Updated: March 23, 2016
Where has all the good space gone, and where are all the bytes? Where's the street-wise nerd to free up my disks? Anyhow, recently, I've come across a rather bizarre disk usage problem on one of my Windows 7 boxes. The 120GB SSD was suddenly running short of space, even though it was supposed to be only about 50% utilized. I set about exploring.
The obvious choice for this kind of task is Windirstat, which we have seen in use about 18 months ago. It's a simple, no-nonsense tool, and it will display a detailed map and listing of all the files and folders. Except in my case, it wasn't really helpful. The presented data only amounted to about 60GB. But there was a big chunk, labeled unknown, occupying 55GB of its own. I had no idea what this was, but it looked like something that should not be there. So I set about exploring some more.
The mystery unfolds
There are approximately a million different answers and solutions to this potential problem. If you search online for "Windows windirstat unknown file" as you may have actually done just before landing on this page, you will see people mentioning all sorts of wizardry related to how Windows works and counts its disk space. This makes it a little more difficult to find the right solution.
Which is why this article is also about what NOT to do. Deleting random files is a big no. Fiddling with system files should not be done. I also most warmly recommend you backup any important personal data before commencing on a data freedom journey. And only then slowly, carefully start implementing non-intrusive, non-destructive fixes first.
One of the recommendations is running chkdsk. Not bad. But then, it does not really help us understand why or how we may have ended up with 55GB of space eaten by some mysterious data somewhere. Before we can fix the problem, we need to understand if it is one in the first place. And since Windirstat does not help us properly identify the unknown files, we need a different tool.
TreeSize to the rescue
I'm a lumberjack, and I'm okay, I disk all night, and I check all day. Anyhow, this utility has a similar functionality to Windirstat, but it does it in a slightly different manner, plus less graphics. However, it might help us get a better view of the disk usage.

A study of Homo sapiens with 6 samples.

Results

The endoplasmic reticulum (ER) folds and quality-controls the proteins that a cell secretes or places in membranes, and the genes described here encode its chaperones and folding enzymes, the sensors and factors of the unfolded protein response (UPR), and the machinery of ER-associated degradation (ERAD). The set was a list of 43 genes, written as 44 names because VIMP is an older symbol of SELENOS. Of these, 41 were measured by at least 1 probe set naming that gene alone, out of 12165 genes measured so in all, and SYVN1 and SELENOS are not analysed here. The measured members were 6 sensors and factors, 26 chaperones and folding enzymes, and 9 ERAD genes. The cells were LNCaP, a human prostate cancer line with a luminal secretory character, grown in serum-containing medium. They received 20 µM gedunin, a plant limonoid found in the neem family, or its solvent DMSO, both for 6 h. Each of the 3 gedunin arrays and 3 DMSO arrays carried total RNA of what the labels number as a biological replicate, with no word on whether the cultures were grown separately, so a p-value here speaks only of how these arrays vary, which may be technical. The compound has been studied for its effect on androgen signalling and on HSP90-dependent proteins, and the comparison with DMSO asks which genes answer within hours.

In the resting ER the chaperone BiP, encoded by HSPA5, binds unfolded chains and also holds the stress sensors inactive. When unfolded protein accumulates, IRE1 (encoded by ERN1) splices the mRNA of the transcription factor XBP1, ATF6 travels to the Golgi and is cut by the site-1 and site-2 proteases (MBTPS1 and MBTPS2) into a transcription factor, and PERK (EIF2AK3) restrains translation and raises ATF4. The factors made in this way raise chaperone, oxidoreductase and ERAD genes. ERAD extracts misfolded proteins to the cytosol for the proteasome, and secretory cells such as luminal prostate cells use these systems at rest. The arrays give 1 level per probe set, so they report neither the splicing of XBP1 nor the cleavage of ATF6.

Indeed, TreeSize reveals a different result. Windows usage is 90GB rather than 35GB as Windirstat reported, and it turns out most of it is located inside System32\spool\drivers. This is a rather curious result, because there's no reason why you ought to have 50GB worth of printer drivers. Just as curious is the fact Windirstat did not reflect this information in its own report. Perhaps these are corrupt files?
Browsing through the x64 directory, I soon learned there were roughly 12,500 of these, each containing the exact same set of DLL. For some weird reason, I had these thousands of instances of drivers for a particular network printer, absolutely identical to one another. At this point, armed with enough knowledge and intuition, I removed all of them apart from a single folder. I also did not touch any other directories and files that were unrelated to the network device. Finally, I verified the printer functionality was unaffected by my delete action.
A subsequent scan with both Windirstat and TreeSize showed matched values in both tools, as you would expect, so the discrepancy was now resolved. The former had no more complaints about unknown files, and the disk usage was down to about 60GB. And there you go, problem fixed!
I do not know what triggered the weird creation of 12,500 folders containing the exact same driver set. It must have been a crazy startup script or a similar error. Apparently, the files were useless, or maybe even created in a non-standard fashion, which was why Windirstat struggled with the report. It does not matter, we solved it.
This article might not necessarily apply to your use case, but the principle is 100% valid. If you encounter unknown, inexplicable data, make sure you run at least one more check with a different tool. No matter how weird, the data should still be consistent, and if reporting tools struggle to give you a unified view, that's your first problem. Hopefully, this guide teaches you how to approach similar issues in the future. Correlation, consistency, comparison between good and bad systems, all a necessary part of healthy problem solving. Take care, and may your disks be free.